The Elrod Firm


What Changed at the VA?

Justin, I read some of the things you recently published about changes to the rules for VA benefits. Can you provide a quick rundown of what happened? – Stan

Stan, On September 18 of this year, the VA published a major revision to the rules for the VA Aid and Attendance benefit. The effective date of the change was 30 days later—October 18. Those of us who regularly work with the VA knew that changes were possible, but the release date, the effective date, and the exact language of the new rules were unknown until mid-September.

The VA Aid and Attendance benefit pays certain veterans and their surviving spouses somewhere between $1,200 and $2,200 per month when they need expensive long-term care. To qualify, claimants must meet a couple of financial tests. The first test compares the claimant’s income to his or her recurring medical expenses. The new rules did little to change this test.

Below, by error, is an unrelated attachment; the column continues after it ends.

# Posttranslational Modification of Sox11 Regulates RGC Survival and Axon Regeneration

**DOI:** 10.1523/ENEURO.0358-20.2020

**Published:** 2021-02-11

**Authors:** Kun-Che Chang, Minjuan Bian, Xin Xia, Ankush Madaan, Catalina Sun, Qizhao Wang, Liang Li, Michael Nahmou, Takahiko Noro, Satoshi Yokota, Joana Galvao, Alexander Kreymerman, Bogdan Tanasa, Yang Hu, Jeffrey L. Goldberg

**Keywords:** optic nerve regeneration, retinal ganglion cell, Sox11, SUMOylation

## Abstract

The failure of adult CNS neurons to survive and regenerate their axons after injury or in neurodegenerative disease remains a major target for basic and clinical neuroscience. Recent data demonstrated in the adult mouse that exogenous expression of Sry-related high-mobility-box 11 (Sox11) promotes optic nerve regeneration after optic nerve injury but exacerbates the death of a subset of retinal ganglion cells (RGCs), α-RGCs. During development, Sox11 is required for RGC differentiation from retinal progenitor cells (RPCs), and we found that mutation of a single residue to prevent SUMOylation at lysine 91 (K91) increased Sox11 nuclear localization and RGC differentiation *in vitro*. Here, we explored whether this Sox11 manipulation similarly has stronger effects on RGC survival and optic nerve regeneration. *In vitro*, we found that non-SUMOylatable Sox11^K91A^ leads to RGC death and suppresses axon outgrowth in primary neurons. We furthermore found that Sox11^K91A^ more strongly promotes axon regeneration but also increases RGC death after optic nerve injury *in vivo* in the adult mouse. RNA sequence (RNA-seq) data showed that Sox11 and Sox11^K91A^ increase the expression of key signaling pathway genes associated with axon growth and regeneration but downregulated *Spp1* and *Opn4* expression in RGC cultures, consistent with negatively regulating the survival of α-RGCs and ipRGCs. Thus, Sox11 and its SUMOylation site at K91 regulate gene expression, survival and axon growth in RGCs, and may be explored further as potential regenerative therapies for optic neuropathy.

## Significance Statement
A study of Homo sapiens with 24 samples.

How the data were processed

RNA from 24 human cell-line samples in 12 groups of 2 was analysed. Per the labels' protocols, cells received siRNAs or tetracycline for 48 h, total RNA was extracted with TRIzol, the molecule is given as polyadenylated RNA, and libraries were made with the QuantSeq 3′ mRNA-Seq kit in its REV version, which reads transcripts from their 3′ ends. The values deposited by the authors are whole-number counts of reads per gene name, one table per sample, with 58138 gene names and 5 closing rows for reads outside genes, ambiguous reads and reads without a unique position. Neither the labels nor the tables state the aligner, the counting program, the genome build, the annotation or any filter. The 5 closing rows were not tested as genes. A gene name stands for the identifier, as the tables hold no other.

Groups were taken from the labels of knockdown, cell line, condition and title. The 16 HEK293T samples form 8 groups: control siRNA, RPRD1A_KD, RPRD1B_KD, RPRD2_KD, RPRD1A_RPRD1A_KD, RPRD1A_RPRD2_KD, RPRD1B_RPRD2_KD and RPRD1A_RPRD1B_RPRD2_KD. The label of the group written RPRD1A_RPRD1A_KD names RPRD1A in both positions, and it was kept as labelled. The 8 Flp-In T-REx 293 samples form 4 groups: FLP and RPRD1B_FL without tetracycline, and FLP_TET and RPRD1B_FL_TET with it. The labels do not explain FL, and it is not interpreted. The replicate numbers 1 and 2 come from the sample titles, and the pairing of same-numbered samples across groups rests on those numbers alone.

The second test looks at the claimant’s total assets. This is where the VA made major changes. On the positive side, under the old rules, the permitted asset level was unclear but relatively low. It was around $40,000 for a single claimant and $80,000 for a married claimant. The new rule set an asset limit that applies to everyone, and it’s higher—$123,600.

On the negative side, the old rules contained no lookback period or penalty for the transfer of assets prior to application. The VA now has a three-year lookback period and applies strict penalties against those who transfer assets prior to application.

Even under the new rules, there is still room for emergency planning if you or a family member has an immediate need for expensive long-term care. Give us a call to talk about the options you may have. On the other hand, the new rules make planning ahead for VA benefits far more crucial than before. We’d love to talk with you about that, too. Remember, there’s no charge for an initial strategy session, so don’t wait.